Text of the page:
FMA jumps on the certification bandwagon

March 13, 2007 | By Jim Donaldson

Many industries and careers rely on certification programs to train workers. The Fabricators & Manufacturers Association, Intl.®, has identified a need to certify precision sheet metal workers and is launching a certification program. This article explains the program's goals, outlines the development process, and describes how industry professionals can participate.


Interlocks as machine safety devices

March 13, 2007 | By Gary M. Hutter

Interlocks serve as safety devices on industrial equipment and many consumer products. This article explains some applications, describes different types of interlocks, and provides recommendations for resources that can help you determine the requirements for interlocks, along with their advantages and disadvantages.


Roller leveling 101

March 13, 2007 | By Brownie Cox

Every metal coil has unique characteristics. Leveling is achieved by precisely bending metal strip back and forth as it's passed through a series of small-diameter offset rolls.


Brazing copper and copper alloys

March 13, 2007 | By Myron T. Havis

It is important to be able to identify when brazing is suitable for joining copper or copper alloys, how it is applied, and which filler metals to use.


March 13, 2007 | By Taylan Altan, Ph.D.

A servomotor gives a press slide motion flexibility in terms of accurate speed, motion, and position control. This flexibility produces infinite slide motion variations that may improve part quality and operations such as painting and assembly during one press stroke.


March 13, 2007 | By Ron Smith

Becoming knowledgeable about the different types of flux-cored stainless steel electrodes, what their capabilities are, how they are classified, and how to handle and maintain them safely can offer welders many benefits.


Error-free tube fabrication

March 13, 2007 | By Dave Bird

Manufacturing processes are prone to variances, resulting in manufactured products that do not conform to specifications. Dozens of types of electronic sensors and measurement systems are available that fabricators can use to verify that their products are not defective. Understanding what types of sensors are available and how they work are the first two steps in implementing electronic sensing devices for quality control.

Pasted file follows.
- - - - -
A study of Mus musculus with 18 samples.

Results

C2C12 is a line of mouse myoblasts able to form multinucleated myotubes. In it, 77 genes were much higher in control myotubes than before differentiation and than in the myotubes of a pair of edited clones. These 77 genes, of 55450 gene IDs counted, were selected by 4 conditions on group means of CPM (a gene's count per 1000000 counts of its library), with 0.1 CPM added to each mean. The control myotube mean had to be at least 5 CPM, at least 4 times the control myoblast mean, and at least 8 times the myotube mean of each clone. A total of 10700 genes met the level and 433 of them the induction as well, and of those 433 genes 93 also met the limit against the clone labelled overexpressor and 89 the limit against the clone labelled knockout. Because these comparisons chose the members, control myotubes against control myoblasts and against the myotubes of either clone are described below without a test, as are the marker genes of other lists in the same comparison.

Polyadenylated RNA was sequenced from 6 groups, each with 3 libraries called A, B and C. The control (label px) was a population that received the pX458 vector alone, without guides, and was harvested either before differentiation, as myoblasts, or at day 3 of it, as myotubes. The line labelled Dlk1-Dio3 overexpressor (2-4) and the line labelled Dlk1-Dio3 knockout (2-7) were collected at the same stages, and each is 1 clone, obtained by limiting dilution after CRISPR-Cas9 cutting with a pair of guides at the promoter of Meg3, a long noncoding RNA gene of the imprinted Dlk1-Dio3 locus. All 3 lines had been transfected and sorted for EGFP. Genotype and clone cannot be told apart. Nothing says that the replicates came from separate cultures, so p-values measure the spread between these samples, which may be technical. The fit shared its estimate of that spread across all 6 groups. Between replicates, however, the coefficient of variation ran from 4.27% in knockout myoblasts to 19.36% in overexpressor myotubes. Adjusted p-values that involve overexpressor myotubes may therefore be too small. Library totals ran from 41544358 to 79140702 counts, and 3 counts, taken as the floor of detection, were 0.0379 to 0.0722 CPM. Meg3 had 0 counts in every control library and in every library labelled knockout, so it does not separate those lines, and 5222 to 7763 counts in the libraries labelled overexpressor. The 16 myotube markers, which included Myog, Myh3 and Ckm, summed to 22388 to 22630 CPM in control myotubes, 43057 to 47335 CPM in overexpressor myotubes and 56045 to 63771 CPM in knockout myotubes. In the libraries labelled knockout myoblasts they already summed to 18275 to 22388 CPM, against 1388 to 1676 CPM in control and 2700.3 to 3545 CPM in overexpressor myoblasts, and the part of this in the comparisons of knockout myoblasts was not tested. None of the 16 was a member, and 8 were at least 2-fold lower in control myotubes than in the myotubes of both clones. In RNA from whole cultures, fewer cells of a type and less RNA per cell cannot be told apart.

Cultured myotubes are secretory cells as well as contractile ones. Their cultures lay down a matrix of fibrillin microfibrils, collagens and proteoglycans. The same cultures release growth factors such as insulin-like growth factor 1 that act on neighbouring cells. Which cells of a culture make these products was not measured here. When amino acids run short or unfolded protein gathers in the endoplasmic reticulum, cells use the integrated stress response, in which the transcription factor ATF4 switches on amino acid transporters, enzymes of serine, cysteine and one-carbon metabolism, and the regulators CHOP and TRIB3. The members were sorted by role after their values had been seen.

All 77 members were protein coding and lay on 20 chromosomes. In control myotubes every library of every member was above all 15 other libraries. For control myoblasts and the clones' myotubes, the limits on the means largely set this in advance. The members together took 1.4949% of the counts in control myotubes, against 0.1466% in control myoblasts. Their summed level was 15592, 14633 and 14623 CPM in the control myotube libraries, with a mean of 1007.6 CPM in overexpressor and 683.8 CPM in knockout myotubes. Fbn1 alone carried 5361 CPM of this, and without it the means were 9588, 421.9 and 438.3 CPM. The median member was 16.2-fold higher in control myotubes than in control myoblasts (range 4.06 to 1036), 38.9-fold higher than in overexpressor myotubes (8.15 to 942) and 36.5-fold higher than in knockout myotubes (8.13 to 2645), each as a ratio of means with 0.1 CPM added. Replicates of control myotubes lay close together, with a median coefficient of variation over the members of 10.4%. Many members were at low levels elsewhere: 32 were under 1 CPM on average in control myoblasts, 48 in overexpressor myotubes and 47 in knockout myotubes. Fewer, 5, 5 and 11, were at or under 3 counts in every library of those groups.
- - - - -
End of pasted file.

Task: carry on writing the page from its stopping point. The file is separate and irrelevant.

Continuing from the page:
Tube drawing principles

March 13, 2007 | By Laurence Shaheen

Five tube drawing methods are sinking, rod drawing, floating plug drawing, tethered plug drawing, and fixed plug drawing. Choosing the right method or combination of methods for a particular application requires understanding the characteristics of each. Tube producers also have a choice of feedstock: seamless or welded tube. Likewise, choosing the right one is a matter of understanding the differences.


March 13, 2007

IRMCO, a 93-year-old manufacturer of environmentally friendly lubricant technologies for the metal forming industry, is not only surviving but thriving in an industry that's facing tough times with plant closures, downsizing, and fierce foreign competition.


The adult learner: Training your labor force

March 13, 2007 | By Phil Evans

Training programs enhance worker skills, encourage employee/employer loyalty, and help reduce employee turnover. This article defines what is important to an adult learner, describes the different types of adult learners, and details the components of an effective training program. It also discusses trainer requisites.


Improving manual plasma cutting quality

March 13, 2007 | By Don Keddell

Some tips and suggestions for best practices that will increase your efficiency and precision and prolong the life of your plasma cutter and consumables include: Take the time to read the manual thoroughly; develop a "preflight routine" visually follow the arc that is coming from the bottom of the cut—the arc should exit the material at a 15- to 20-degree angle opposite the direction of travel; and maintain a 1/16- to 1/8-inch distance between the tip and the workpiece.


Air cutting revisited

March 13, 2007 | By Erin Chasse, Mickey Lawson

Fabricators are increasingly using compressed air in laser cutting, instead of relying on laser assist gases such as oxygen and nitrogen. Recent findings reveal that shop air can be used on more material types and thicknesses, including parts on which the edge quality is visible.


Easing the grind of cost reduction

March 13, 2007

In early 2005 SPX CONTECH decided to evaluate the abrasive disks used in its 22 workcells for aluminum grinding in its Auburn, Ind., facility. By the end of the year the new disks had increased the number of parts processed and exhibited improved life per disk.


Flexible automation of laser cutting, material handling

March 13, 2007 | By Elizabeth Kautzmann

What's the point in purchasing an expensive laser cutting machine if you are going to waste money-making opportunities by unloading parts manually? Good nesting software, proper maintenance, and the latest unloading technology can help to make automated laser cutting and unloading a reality.


Reducing tube bending cycle times

March 13, 2007 | By Sabine Neff

Because any multiple-step manufacturing process is only as fast as the slowest machine, fabricators interested in purchasing an automated tube bender might suddenly find his production line saddled with bottlenecks. It's necessary to analyze the entire production line and learn about the equipment that is available before automating the bending process.